Looking For Info On "EMPIRE" Model 35 Turret Lathe

    I recently saved an "EMPIRE" model 35 Turret lathe from the scrappers. It is a slant-way,ram type turret lathe. I'd say it's about a No.1 - No.2 size with a power feed turret. It looks to be 1970's/ possibly 80's vintage, not sure. Made in Elgoibar Spain, imported by Empire in New York.

    It looks like it could be a pretty handy little turret lathe if I can get it cleaned up, and running. It is all complete at least, and the gearboxes seem to be ok, so far as I've had time to check.

    Ive looked all over the internet, and can't find anything quite like it. Just wondering if anybody had any manuals, or info on it. I'll try to get some pics of it, but it might be a day or two.

    I recently saved an "EMPIRE" model 35 Turret lathe from the scrappers.
    There was probably reasons why it was there.
    Did it want to be saved?
    Where's Digger Doug?
    JR

    Where's Digger Doug?
    JR
    ...Being "Saved".....





    I picked up this, and it came with the manual, here's a page of it,
    also from Spain.
    Attached Thumbnails Attached Thumbnails sprintlathe-cover.jpg  


    Digger, That one does have a little of the same look. From what I understand,Elgoibar is, or at least was the the machine building capitol of Spain, and for a little while they had a currency valuation that made them cheap to import.

    It's kind of neat that the base, chip pan, bed,and headstock are all one casting. For it's size, it's damn heavy, but it looks to be as ridgid as a 10ee Monarch

    Oh, in response to JR's comment, I live in the buckle of the Bible Belt, where everything gets saved whether it wants to be or not


    Being Spanish the turret bores could well be metric, which could be a problem in the US finding metric shank tooling. (although they may have been ordered or changed to imperial) BOTOH adapting tooling to suit shouldn't be much of a problem for a half decent machinist - should it

    Re Dougs Sprint, as I recall, in their class the Sprints were a good tool, I remember seeing quite a few when I was ''batting around the jobs shops on the side'' in the early 70's, and ran a couple.

    To be fair, quality and longevity wise the Sprints were never a small Ward, Herbert, Smart & Brown or the smaller Accuratool, but they were available virtually off the shelf (when the 3 listed had a long waiting list), came ''well tooled'' as standard, were considerably cheaper, ....... yet still made good parts, AKA - a boss's dream ................and they made good bonus / piecework for a young and very green Sami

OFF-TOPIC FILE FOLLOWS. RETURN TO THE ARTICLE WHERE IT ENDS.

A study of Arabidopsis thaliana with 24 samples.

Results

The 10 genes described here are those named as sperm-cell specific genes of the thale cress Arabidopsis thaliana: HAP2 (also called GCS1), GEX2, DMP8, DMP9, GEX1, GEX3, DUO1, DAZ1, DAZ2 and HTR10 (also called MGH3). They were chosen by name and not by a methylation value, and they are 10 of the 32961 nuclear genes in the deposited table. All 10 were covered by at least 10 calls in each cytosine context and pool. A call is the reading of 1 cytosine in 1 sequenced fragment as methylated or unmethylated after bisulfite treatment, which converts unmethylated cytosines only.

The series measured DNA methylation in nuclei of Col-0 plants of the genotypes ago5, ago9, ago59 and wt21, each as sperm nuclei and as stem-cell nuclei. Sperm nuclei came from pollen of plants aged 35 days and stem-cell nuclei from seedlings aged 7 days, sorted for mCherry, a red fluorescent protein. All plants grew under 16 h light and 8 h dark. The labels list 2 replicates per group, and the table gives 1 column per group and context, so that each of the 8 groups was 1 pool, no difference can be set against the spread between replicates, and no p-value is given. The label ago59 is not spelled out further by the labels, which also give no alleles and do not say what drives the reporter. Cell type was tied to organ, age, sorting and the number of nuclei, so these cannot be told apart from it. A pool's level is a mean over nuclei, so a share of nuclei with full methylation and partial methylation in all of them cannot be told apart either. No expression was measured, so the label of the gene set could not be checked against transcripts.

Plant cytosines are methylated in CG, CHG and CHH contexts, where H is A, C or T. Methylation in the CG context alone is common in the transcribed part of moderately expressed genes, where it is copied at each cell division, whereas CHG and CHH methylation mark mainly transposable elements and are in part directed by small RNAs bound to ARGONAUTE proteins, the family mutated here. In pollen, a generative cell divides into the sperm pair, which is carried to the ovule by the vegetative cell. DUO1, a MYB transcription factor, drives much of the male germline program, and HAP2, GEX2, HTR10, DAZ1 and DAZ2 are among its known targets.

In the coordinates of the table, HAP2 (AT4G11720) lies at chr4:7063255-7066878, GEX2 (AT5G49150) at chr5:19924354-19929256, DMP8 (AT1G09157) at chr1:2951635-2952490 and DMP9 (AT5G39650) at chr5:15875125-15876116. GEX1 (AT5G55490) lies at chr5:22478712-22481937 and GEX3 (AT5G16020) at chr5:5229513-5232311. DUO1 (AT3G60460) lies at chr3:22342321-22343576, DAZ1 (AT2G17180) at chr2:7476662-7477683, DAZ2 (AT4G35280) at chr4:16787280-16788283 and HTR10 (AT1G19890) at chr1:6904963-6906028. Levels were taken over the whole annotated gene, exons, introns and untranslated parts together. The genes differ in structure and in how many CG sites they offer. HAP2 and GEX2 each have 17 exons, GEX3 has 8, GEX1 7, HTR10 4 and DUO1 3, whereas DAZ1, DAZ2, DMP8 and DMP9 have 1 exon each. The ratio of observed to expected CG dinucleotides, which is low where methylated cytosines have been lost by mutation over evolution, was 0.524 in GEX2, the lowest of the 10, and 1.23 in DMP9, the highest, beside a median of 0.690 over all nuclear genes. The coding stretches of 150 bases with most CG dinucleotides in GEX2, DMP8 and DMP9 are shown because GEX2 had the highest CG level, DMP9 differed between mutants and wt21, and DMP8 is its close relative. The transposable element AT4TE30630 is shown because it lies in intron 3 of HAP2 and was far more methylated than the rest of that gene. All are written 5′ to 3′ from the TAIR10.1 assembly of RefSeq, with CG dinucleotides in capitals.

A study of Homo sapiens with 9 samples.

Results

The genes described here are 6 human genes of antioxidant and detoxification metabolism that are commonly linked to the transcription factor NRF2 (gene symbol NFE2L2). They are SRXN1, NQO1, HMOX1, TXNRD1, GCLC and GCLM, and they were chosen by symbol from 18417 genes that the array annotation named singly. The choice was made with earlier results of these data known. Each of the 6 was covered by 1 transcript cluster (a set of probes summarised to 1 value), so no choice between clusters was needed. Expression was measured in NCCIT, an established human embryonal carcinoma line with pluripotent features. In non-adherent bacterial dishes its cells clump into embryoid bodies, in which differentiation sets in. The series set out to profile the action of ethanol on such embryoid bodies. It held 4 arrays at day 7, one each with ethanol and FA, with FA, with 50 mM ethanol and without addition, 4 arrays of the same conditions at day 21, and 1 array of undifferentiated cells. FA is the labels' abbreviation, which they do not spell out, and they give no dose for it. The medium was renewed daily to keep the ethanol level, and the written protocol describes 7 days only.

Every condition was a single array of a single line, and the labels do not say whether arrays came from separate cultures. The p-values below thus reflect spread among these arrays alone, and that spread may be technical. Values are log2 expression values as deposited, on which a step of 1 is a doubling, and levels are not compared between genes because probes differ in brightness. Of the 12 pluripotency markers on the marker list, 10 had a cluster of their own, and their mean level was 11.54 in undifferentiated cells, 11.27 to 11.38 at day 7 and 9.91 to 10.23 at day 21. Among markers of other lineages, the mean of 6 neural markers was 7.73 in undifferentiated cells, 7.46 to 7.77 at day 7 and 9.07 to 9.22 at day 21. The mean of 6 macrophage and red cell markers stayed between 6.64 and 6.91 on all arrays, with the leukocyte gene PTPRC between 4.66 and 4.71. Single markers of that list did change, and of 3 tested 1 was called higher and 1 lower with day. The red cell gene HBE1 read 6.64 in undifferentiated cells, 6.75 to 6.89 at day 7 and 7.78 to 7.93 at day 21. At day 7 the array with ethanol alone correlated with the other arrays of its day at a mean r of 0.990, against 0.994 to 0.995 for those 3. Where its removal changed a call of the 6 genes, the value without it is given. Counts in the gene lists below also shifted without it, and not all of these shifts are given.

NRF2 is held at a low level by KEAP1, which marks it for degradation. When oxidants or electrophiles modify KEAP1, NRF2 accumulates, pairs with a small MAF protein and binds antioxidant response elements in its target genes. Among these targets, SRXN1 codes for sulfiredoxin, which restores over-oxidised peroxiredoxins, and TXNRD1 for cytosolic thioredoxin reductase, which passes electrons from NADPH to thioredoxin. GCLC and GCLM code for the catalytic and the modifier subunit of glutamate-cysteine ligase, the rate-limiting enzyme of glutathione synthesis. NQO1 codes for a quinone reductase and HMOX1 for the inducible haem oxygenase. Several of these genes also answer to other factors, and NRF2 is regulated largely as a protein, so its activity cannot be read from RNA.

My business is mostly one-offs, and small run jobs of whatever oddball thing someone comes up with, and I think this thing will be as handy as a pocket on a shirt for pins, bolts fittings, etc. I've had an 11" Logan with a turret for 20+ years ,(which also conveniently has a 1" turret bore). It's a handy machine, but isn't nearly as ridgid, or well suited to turret work as this thing. I'm hoping to replace the Logan with a 10EE someday, and then I'll have the best of both worlds.

    The other thing I like about it is that it doesn't take up much space, which is at a premium in my shop.



    EMPIRE Model 35
    Built For Bentley Industrial Corporation - Long Island City, New York.
    By EGUZKI S.C.I. - Elgoibar, Spain.

    Doubtless, Bentley was just an import distributor. Haven't been able to find much of anything about Eguzki either.
    The feeds rates on the gearbox are in MM's And I get the feeling that the dials may be too (haven't verified yet), but interestingly, the chrome plated dials are HUGE! The cross feed dial is almost 5" diameter, and the carriage feed dial is 6". The graduations are almost 1/8 inch apart! Wish I had dials that big on all my lathes.

    As a correction ,The bed/headstock are a separate casting from the base. It just takes some close examination to see the joints.